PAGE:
D.W. Griffith has displayed his artistic competency with directorial masterpieces from Birth of a Nation (1914) to Way Down East (1920). Orphans of the Storm is the final appearance by Griffith on this list and it is perhaps the most indicative of classic Griffith, for better or worse. In this final story, Griffith presents two women, Henriette (Lillian Gish) and Louise (Dorothy Gish), orphaned sisters not by blood but by bond. The two travel to Paris in search of a doctor to cure Louise’s blindness as the revolution bubbles into a frenzy.
Griffith returns to the epics which made his name in the early days of cinema and the scope is quite breathtaking. Not only is the story grander, weaving true historical figures like Danton and Robespierre into the tapestry, but even sets are exceedingly lavish and the volume of extras revolting against the aristocrats is gargantuan. The true strength of this film is in the grand picture, the scenes in which all the great tensions and affections are displayed against a large canvas. The intimate moments between lovers or family is difficult to digest. This is largely due to the grandiose use of melodrama, far grander than any witnessed before in a Griffith piece. The acting is overbearing, transforming intimate or emotional scenes into comical or even embarrassing instances. It is a strange experience to follow Griffith’s career chronologically. This director created the syntax we read film by today and employs it as masterfully as in any other piece, but Griffith also liberated himself from grandeur, both spectrally and melodramatically after Intolerance and concentrated on human stories, ones displaying love as the spectacle. Sadly, Orphans of the Storm appears a regression.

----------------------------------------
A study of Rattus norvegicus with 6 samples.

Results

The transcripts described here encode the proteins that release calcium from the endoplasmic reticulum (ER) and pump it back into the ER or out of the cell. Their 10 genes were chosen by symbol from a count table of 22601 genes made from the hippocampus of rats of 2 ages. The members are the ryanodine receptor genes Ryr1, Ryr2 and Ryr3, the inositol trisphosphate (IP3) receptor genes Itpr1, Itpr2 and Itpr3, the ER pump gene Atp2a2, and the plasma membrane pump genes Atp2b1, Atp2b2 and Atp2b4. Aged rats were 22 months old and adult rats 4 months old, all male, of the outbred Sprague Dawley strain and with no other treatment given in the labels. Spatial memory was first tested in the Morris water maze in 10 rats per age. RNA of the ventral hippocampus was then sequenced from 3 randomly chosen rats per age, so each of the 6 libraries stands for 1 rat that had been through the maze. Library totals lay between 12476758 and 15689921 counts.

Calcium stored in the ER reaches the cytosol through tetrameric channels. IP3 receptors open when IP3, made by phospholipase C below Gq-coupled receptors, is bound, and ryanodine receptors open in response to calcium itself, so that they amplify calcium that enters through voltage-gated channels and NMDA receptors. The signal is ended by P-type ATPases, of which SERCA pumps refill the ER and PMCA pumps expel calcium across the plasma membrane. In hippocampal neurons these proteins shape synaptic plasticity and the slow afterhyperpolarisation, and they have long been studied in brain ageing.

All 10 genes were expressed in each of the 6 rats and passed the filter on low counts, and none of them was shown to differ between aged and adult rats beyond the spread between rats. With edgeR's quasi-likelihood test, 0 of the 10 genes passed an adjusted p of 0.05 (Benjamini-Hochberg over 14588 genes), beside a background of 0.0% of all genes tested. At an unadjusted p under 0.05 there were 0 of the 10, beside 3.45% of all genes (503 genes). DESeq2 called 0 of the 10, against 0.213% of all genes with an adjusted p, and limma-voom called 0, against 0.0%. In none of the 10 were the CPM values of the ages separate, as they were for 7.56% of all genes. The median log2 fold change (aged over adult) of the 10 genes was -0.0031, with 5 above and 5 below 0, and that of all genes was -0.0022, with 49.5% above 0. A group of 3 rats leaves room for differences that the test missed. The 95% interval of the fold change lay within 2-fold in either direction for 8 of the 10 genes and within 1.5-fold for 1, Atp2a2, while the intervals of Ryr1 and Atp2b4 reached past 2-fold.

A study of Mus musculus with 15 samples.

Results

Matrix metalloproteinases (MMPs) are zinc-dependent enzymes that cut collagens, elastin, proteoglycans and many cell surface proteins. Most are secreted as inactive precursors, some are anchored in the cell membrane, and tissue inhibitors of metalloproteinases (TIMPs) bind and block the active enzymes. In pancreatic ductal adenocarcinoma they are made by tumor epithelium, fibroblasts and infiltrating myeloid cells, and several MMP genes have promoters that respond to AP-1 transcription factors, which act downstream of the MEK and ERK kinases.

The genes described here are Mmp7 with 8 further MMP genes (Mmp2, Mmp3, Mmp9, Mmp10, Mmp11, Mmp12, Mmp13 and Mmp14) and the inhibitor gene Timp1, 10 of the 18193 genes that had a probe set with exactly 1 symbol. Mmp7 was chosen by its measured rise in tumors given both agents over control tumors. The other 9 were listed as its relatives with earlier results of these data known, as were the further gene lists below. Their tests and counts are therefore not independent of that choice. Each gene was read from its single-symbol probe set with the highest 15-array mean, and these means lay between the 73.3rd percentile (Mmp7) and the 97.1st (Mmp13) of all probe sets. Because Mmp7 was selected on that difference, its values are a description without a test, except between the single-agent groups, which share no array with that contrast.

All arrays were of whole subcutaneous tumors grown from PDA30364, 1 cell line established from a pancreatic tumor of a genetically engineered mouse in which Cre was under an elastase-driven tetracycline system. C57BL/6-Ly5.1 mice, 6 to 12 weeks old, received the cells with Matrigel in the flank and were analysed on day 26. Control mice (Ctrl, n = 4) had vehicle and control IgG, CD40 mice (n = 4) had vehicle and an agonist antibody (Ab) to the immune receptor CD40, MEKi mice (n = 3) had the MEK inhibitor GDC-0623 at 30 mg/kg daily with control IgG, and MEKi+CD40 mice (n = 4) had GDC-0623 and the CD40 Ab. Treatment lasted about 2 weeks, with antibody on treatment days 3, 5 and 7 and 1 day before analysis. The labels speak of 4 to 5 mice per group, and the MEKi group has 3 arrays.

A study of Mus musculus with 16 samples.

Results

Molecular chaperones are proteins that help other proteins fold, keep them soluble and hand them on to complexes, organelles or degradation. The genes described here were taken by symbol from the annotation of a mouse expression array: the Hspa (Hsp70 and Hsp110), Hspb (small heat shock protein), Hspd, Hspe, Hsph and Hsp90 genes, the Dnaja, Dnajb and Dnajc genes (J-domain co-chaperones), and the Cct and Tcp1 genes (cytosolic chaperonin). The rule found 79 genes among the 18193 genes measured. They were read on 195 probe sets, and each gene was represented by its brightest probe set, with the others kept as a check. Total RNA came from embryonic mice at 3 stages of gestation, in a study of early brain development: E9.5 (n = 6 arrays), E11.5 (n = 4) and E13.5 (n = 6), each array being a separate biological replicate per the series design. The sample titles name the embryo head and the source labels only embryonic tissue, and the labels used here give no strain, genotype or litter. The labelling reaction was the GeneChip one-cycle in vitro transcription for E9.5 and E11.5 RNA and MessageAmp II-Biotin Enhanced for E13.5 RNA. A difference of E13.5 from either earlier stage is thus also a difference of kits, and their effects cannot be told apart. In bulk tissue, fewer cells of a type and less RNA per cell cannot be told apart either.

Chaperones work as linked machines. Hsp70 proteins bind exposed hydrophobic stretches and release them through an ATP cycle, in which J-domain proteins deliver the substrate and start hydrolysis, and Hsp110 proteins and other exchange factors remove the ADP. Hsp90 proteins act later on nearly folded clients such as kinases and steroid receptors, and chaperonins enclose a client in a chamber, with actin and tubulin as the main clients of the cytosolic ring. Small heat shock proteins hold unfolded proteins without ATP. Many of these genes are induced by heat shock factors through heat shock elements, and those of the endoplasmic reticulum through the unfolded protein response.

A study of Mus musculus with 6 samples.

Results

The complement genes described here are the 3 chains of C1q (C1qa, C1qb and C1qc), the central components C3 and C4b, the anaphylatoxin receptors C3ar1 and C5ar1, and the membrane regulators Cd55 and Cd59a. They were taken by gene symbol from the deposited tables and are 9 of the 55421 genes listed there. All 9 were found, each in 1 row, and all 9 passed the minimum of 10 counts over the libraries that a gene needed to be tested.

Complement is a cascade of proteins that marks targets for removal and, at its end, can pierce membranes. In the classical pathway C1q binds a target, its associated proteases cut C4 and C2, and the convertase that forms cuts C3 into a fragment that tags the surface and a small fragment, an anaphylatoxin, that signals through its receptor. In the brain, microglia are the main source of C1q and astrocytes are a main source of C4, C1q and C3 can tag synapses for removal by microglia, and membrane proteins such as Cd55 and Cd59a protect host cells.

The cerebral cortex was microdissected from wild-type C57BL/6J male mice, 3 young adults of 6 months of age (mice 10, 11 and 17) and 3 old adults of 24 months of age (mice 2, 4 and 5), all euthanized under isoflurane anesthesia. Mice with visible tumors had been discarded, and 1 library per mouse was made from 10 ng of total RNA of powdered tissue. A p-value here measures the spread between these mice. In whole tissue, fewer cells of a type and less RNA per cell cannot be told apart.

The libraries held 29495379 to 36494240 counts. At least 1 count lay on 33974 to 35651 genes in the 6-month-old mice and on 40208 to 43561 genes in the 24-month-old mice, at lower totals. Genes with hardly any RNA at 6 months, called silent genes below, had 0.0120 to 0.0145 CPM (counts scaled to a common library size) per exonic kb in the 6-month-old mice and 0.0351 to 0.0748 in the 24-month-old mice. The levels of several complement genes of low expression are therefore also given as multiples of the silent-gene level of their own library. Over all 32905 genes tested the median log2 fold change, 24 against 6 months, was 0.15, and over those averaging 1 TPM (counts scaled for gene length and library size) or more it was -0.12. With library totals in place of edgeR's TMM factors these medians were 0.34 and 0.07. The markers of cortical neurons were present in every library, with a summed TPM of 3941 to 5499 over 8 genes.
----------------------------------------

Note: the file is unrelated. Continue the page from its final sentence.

Even Lillian Gish is pushed for every tear and scream her fragile frame is able to produce. Each moment of exaltation and loss is merely exhausting, completely diluting any sympathy or reliability of relationships or character. The great talent of this piece belongs to Dorothy Gish, perhaps her restriction to acting blind dampened the flailing expected of her sister, producing a rather touching performance in her hopeless weariness. For a moment, I think it necessary to point out how totally ridiculous a decision it was for Griffith to cast the Gish sisters as Henriette and Louise who are not at all related. A terrible and bizarre choice.
“I’ll tell you a secret. The last act makes a film. Wow them in the end, and you got a hit. You can have flaws, problems, but wow them in the end, and you’ve got a hit.” This quote is from Robert McKee, (actually, its a quote by Robert McKee in the film Adaptation) but it quite succinctly encapsulates the storytelling and talent which Griffith embodies most evidently in Orphans of the Storm. This film has unbearable melodrama, odd casting and some strange and convenient sub-plots, but the third act climax is classic Griffith. The surging battle and race against time to save an innocent woman’s life with Griffith’s trademark crosscutting is as exciting as it is nail-biting.
Not perfect, and certainly not the strongest of Griffith’s career, but when such a career holds some of the early masterpieces of cinema, it is hardly an insult to say so.
Henriette is kidnapped by the lustful De Praille who is taken by her beauty. She is taken to a lavish party full of the wealthiest Paris has to offer. Griffith flows through the party, both enjoying the madness of the elite but also highlighting the disgusting excess. A spectacle with something more to say.